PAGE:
The Hidden Meaning of The Matrix: Resurrections
I went to see The Matrix Resurrections on the last day they were playing it. After settling into my seat, my mood was a cocktail of nostalgia, excitement, curiosity, and--yes--a health dose of dread.
You see, the movie scored a 5.7 on IMDB and anything below 6 is usually a sure sign of crap. But I had to see it because the original trilogy has meaning for me--I suspect it helped put me on the path toward becoming a software engineer. I can't tell if it was grim-dark-green aesthetics, the cool raincoats, or the intoxicating themes of rebellion, but it did the job.
Well, I got more than I could ask for.
The first thirty or so minutes sets up the plot: Neo is somehow imprisoned in the Matrix, tricked into believing that everything that happened to him had simply been a story he made up for a video game. The whole thing is classic Matrix: the viewer has to work to decide what is real and what isn't.
But then the movie starts falling apart. The plot loses coherence and turns into a sequence of CGI-enhanced sequence of goofy action scenes peppered with romance. There's plenty of hand-to-hand combat, and shooting, and Neo using weird super powers, and the antagonist firing of bad, teenage-level jokes. There's even what looks like a zombie-apocalypse scene, where the good guys are getting swarmed by bots.
By the end, I could easily understand the 5.7 score. It was crap! And there's probably two more sequels in the pipeline along with a Netflix series because that's how money is made nowadays. Ugh.
Yet, something didn't feel right.
Why go to all the trouble of taking something good and make into a soggy, tasteless mush that pretends to be a movie--especially if you created the trilogy all those years ago?
The only way for it to make sense was if... the movie wasn't real.
Wait, before you say I'm crazy, hear me out.
Everything after the rooftop-attempted-suicide scene is not real--it's Neo having a mental breakdown and everything that happens later is made up by his mind.
Think about this: before that scene, there's a whole sequence where Neo learns he must make a reboot of the Matrix game, something he really doesn't want to do. We see that it's disturbing him and we also learn that he's doing therapy, having had problems differentiating between fiction and reality.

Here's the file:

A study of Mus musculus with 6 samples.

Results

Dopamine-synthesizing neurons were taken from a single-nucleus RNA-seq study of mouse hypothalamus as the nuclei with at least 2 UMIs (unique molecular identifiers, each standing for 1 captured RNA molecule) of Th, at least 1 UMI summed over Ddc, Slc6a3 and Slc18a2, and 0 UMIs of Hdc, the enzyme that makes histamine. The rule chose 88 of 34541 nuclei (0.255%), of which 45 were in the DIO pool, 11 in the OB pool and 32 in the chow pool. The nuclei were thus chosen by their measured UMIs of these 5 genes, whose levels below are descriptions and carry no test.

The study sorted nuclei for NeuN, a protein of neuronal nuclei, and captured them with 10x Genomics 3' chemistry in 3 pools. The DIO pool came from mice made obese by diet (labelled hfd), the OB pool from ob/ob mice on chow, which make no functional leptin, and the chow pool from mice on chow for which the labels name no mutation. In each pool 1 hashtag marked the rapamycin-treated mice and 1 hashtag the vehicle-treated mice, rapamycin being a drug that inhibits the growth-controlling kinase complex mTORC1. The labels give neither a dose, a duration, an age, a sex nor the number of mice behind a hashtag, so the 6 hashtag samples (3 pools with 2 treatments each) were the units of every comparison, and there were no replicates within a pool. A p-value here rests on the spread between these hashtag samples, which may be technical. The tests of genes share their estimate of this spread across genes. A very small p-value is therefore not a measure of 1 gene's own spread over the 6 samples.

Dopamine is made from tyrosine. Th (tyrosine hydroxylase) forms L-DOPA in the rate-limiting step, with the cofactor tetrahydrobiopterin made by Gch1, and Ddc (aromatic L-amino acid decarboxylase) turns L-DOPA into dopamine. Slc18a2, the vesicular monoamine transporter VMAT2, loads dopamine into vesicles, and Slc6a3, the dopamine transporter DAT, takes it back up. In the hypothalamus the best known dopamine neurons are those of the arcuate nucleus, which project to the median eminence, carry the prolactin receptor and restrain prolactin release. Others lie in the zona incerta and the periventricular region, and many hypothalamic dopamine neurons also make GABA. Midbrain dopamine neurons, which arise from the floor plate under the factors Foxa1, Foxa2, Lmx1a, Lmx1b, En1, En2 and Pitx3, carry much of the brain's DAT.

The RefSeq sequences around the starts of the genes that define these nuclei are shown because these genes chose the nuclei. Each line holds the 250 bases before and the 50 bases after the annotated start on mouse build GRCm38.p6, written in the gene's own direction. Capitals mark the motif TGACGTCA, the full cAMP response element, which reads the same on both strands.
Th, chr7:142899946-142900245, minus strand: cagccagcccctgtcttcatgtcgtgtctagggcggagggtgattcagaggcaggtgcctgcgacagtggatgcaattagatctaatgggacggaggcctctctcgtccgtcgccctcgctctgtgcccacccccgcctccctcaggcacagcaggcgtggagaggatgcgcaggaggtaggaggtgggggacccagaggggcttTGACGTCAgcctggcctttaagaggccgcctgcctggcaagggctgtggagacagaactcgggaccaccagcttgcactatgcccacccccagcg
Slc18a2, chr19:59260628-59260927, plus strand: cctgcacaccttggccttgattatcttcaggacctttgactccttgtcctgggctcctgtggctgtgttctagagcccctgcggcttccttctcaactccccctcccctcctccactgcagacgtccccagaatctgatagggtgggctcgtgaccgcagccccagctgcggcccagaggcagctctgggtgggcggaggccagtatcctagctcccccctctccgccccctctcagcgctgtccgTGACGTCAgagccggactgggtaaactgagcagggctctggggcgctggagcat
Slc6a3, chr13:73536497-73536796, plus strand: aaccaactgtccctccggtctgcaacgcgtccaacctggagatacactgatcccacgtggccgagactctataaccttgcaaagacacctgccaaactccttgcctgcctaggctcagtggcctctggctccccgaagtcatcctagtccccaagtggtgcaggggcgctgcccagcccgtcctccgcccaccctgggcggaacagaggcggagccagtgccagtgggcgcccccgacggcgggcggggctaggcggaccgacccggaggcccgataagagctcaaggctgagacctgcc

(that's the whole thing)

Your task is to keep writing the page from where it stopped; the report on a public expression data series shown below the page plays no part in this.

We also witness him taking part in brainstorming sessions where a bunch of creatives try to figure out what the reboot should be about. And all of their ideas are awful and corny:
Guy 1: People want us up in their grey space, switching their synaptic “What the hell is going on here?” light on.
Guy 2: I didn’t love the first one, like some of you.
Guy 2: And, frankly, I’ve got zero tolerance for anything that requires a syllabus and a highlighter.
Guy 2: I like my games big, loud and dumb.
Jude: We need guns! Lots of guns.
Jude: Matrix means mayhem.
And this is basically what the movie turns into after the rooftop scene because Neo's mind reaches its breaking point and plunges into a kitschy, class-B imaginary world.
This theory fits perfectly with what takes place later, when Neo confronts the renewed Agent Smith and fights the Exiles. This is when the Merovingian appears and mumbles something incoherently, but luckily we have transcripts. This is what he says:
You ruined every suck-my-silky-ass thing! We had grace. We had style! We had conversation! Not this… Art, films, books were all better! Originality mattered! You gave us Face-Zucker-suck and Cock-me-climatey-Wiki-piss-and-shit!
Then, when the fighting is done, he makes one last remark before running away:
This is not over yet! Our sequel franchise spinoff!
This message only makes sense if the reality Neo is currently in is the reality constructed out of all the corny ideas that the creatives were brainstorming. It's essentially a leak from the enclosing reality, the one where Neo is probably falling from the rooftop, about to smash into the pavement.
And that's actually great because it means Neo is still fighting and still has a chance to escape the prison-reality the Matrix put him in--just like the new Morpheus eventually escaped his modal.
For us, in our reality where all of this is just a fictional narrative, it means the story goes on.
I can't know for sure, but this is what I choose to believe.